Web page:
The rehabilitated Ramadi Teaching Hospital for Women and Children serves over 400,000 women across Anbar, improving their access to essential maternal care.

Entrance of the Ramadi Teaching Hospital for Women and Children. Photo: UNDP Iraq/Hamza Ahmed

 

The Ramadi Teaching Hospital for Women and Children was one of the first hospitals in Anbar to restart its operations after the city's liberation from ISIL in 2016. Even though the hospital underwent significant damages during the fighting, they re-opened their facilities to help cover the urgent healthcare needs for people returning.

 

Dr. Monem Aftan Ayed, Director of Ramadi Teaching Hospital, in his office. Photo: UNDP Iraq/Hamza Ahmed

 

“It was difficult as most parts of the hospital were either damaged or destroyed. We worked hard to restore small parts of the hospital. I remember staff working day and night to clear the rubble, wash the floors and fix some equipment. This was only possible because we worked together as a team,” shares Dr. Monem Aftan Ayed, Director of Ramadi Teaching Hospital.

At that point, for families returning, access to healthcare services was challenging since most of the primary health centers and hospitals were either damaged or destroyed. Therefore, the hospital staff used a small part of the facility to restart services.

“One of the main difficulties we faced at the time was maneuvering through the collapsed infrastructure, shortage of medicines, operating equipment, and a dedicated space for post-operative and infant care. We worked tirelessly to accommodate and treat all patients who came through the hospital doors. However, we still lacked adequate space and facilities,” says Dr. Tamader Al Aloosi, 51, a specialist in obstetrics and gynecology at the hospital.

In early 2020, UNDP completed the large-scale rehabilitation of Ramadi Teaching Hospital for Women and Children. The work included rehabilitating operating theatres, labor wards, water, electrical systems, and doctor's accommodation. The 260-bed modern medical facility serves over 400,000 women in Anbar with specialized maternity services.

 

Dr. Tamader Al Aloosi attends to her patient Mona Sattar who recently underwent a successful cesarean delivery. Photo: UNDP Iraq / Hamza Ahmed

 

"Today, the hospital looks nothing like what it did a few years ago. The hospital's rehabilitation has turned from a collapsed building that lacked adequate facilities to a great hospital. It is filled with all the equipment and furniture we need to provide quality services to expectant mothers and newborn infants,” adds Dr. Tamader.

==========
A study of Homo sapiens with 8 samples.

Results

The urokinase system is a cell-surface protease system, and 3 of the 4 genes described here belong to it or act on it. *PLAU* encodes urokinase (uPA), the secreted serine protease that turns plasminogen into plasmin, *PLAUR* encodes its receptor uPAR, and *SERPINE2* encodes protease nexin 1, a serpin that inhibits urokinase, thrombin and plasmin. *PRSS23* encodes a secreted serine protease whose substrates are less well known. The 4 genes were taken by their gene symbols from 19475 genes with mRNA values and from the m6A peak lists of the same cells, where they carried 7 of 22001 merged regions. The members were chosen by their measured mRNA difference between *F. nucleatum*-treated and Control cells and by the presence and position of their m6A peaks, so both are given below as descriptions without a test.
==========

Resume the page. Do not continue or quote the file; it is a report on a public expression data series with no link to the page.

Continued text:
The rehabilitation included significant parts of the hospital, such as the operating theatres, water piping, electrical systems, patient wards, and staff accommodation. UNDP also supplied medical equipment for natal care, testing, complex surgeries, and screening. Currently, the hospital serves over 6000 women every month. Of which, over 1,200 are complex cases and more than 600 are surgeries requiring intensive post-operative care.

 

Dr. Nibras Rabie, Senior Medical Officer, focuses on providing treatment for premature infants in the hospital. Photo: UNDP Iraq/Hamza Ahmed

 

"As a hospital, we are doing so much better today. We provide medical services to all residents across Anbar. Going forward, we need to stay up to date with our skills and facilities to keep up with the innovations in health care,” says Dr. Nibras Rabie, 43, Senior Medical Officer at the hospital.

As the only such facility in Anbar, the hospital serves women from areas such as Heet, Haditha, Anah, Rawa, and Al Qaim. They have over 1450 qualified medical and administrative staff to provide quality maternal care to patients.

 

The operating theatres and pediatric care wards were rehabilitated by UNDP. Photo: UNDP Iraq/Hamza Ahmed

 

“All my deliveries were done successfully in this hospital. When I returned post-ISIL, I found it hard to imagine that life could ever go back to normal, let alone access quality health care facilities. But three deliveries later, I am proud of the excellent services and facilities this hospital offers,” says Mona Sattar, 27, who recently gave birth to her third child.

The rehabilitation of the Ramadi Maternity Hospital was implemented by UNDP's Funding Facility for Stabilization with funding from the German Federal Ministry for Economic Cooperation and Development (BMZ), provided through KFW Development Bank.

To further improve facilities, UNDP is also supplying equipment to upgrade the hospital facilities, such as MRI and CT scanners, oxygen generators, backup power generators and a central air conditioning system. In addition, the support will also include establishing a waiting hall, dedicated clinic for external consultations, water storage tower, laboratory, and teaching hall.